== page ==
Huge Panama Papers search database goes public Monday

Huge leak reveals elite's secret assets

On Monday, people everywhere will be able to see for themselves which politicians, celebrities and business executives allegedly kept secret shell companies that were exposed in the Panama Papers.

A Google-like searchable database is expected to go live at 2 p.m. ET, detailing ties between 368,000 people and 300,000 offshore entities.

It’s being released by the International Consortium of Investigative Journalists.

“You’ll see companies and their official owners. This is information that’s never been available,” said Marina Walker Guevara, ICIJ’s deputy director. “We think that information about who owns the company should be public and transparent.”

ICIJ said the search tool will let you type in a name of a person or company, then see how it’s connected to other people and companies.

The search tool combines documents from a 2013 ICIJ investigation into the use of offshore accounts by U.K. residents with the much larger Panama Papers investigation.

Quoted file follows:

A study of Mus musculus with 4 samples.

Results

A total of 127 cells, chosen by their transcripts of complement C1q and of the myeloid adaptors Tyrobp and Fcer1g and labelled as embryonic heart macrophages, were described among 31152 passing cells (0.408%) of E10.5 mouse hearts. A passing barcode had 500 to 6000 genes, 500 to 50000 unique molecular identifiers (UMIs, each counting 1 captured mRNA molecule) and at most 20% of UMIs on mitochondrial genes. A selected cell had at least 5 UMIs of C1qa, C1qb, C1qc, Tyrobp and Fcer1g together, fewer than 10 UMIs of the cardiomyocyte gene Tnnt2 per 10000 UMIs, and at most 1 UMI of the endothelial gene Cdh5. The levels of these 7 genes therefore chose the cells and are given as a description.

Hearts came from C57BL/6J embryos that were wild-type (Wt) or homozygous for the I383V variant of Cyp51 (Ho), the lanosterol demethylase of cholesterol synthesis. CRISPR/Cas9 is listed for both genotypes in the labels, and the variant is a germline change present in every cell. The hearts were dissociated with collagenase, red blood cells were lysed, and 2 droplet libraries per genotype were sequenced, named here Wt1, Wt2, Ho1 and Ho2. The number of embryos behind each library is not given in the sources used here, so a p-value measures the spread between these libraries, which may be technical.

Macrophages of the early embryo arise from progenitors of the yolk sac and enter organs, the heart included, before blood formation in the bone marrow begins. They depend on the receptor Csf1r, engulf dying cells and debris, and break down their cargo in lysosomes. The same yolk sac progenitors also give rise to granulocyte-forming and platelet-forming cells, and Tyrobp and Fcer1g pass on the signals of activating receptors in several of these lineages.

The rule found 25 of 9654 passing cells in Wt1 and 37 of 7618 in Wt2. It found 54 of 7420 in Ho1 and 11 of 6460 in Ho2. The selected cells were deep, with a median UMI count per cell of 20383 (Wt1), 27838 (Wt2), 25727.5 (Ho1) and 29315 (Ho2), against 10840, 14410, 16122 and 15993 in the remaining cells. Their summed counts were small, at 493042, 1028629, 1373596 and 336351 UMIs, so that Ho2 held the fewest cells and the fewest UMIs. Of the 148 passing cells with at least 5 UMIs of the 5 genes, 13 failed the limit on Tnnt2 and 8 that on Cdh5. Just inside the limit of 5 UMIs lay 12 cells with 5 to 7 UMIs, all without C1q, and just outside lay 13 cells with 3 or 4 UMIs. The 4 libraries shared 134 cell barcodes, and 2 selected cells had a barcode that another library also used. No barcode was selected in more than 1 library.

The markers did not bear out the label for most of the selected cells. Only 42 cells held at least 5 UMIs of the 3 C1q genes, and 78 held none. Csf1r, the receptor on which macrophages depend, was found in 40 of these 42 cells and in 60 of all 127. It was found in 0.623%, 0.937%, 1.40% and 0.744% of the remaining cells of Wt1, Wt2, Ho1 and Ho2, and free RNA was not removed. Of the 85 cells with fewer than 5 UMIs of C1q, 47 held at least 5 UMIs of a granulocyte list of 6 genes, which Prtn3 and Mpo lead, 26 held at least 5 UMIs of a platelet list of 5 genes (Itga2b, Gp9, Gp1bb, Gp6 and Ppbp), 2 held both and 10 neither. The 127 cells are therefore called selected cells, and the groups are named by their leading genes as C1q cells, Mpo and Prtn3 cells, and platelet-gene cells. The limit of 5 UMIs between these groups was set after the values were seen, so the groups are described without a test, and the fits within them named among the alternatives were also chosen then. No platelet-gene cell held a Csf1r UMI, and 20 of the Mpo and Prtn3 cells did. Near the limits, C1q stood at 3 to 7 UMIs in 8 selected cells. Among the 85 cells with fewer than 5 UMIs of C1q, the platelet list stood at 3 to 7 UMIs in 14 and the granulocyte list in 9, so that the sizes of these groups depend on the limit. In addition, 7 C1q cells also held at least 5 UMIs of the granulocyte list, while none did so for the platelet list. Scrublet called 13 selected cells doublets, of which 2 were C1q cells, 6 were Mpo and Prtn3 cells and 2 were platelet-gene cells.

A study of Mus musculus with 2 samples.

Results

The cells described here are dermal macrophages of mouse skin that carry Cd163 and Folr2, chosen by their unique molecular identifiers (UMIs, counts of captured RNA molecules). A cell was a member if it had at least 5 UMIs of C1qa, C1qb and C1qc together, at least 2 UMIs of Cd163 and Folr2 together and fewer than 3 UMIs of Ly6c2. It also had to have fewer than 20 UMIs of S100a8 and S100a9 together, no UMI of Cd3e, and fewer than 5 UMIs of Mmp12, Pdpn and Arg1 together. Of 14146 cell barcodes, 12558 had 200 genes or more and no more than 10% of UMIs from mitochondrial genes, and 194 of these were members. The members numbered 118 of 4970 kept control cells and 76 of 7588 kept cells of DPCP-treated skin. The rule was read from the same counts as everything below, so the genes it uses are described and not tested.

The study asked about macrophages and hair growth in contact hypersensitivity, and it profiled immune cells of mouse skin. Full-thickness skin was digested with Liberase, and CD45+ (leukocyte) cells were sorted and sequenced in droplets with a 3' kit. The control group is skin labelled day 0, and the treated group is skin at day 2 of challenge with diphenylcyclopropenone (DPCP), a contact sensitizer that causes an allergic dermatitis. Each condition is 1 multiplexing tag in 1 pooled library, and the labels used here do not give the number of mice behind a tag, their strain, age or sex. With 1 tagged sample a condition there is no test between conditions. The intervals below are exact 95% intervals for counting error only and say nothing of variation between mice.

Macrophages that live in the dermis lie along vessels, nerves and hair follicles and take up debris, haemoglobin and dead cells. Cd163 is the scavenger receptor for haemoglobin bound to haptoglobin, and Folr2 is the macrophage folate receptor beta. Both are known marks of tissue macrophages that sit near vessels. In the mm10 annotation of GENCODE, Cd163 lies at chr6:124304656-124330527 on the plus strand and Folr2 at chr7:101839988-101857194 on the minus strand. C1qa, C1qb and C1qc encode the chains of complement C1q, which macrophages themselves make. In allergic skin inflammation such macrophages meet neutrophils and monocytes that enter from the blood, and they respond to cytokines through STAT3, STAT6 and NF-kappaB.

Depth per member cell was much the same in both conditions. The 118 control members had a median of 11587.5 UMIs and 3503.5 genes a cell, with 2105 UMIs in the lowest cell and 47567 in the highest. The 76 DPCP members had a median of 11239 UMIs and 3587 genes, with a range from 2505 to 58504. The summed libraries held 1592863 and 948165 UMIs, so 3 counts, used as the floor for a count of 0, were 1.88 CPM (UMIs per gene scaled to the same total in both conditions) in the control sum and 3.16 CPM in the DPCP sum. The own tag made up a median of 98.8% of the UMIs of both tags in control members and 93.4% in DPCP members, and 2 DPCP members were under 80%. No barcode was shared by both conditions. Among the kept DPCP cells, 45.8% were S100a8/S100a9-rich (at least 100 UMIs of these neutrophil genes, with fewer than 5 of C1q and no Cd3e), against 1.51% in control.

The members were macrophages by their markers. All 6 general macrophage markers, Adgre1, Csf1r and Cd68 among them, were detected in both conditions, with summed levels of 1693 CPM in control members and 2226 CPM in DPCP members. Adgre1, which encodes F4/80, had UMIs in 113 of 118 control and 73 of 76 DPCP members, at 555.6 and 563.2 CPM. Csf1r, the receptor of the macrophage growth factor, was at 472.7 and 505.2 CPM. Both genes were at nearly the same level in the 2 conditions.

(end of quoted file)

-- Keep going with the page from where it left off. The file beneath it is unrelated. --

The Panama Papers, published in April by journalists in 76 countries, relied on documents hacked and stolen from the Panamanian law firm Mossack Fonseca. (The firm has said it had done nothing wrong and in some cases denied that individuals named in the Panama Papers were even clients.)

Rigoberto Carvajal, ICIJ’s data analyst, built a version of this tool for internal use by journalists back in September.

But it won’t be easy for the average person to draw connections between firms and individuals because ICIJ said it won’t release the actual documents showing a person’s wealth or details of contracts.

“This is not disclosing private information en masse,” Guevara said.

ICIJ is conducting itself differently than Wikileaks, which posts many of the documents it obtains, such as diplomatic cables showing Americans spied on United Nations leaders, or video evidence of the U.S. military gunning down journalists and Iraqi civilians.

But ICIJ is holding back from releasing the documents in its possession.

“The bulk of the documents will remain confidential for journalists to explore,” Guevara said. “We think that the leak was given to ICIJ because we can apply the rigor of journalism.”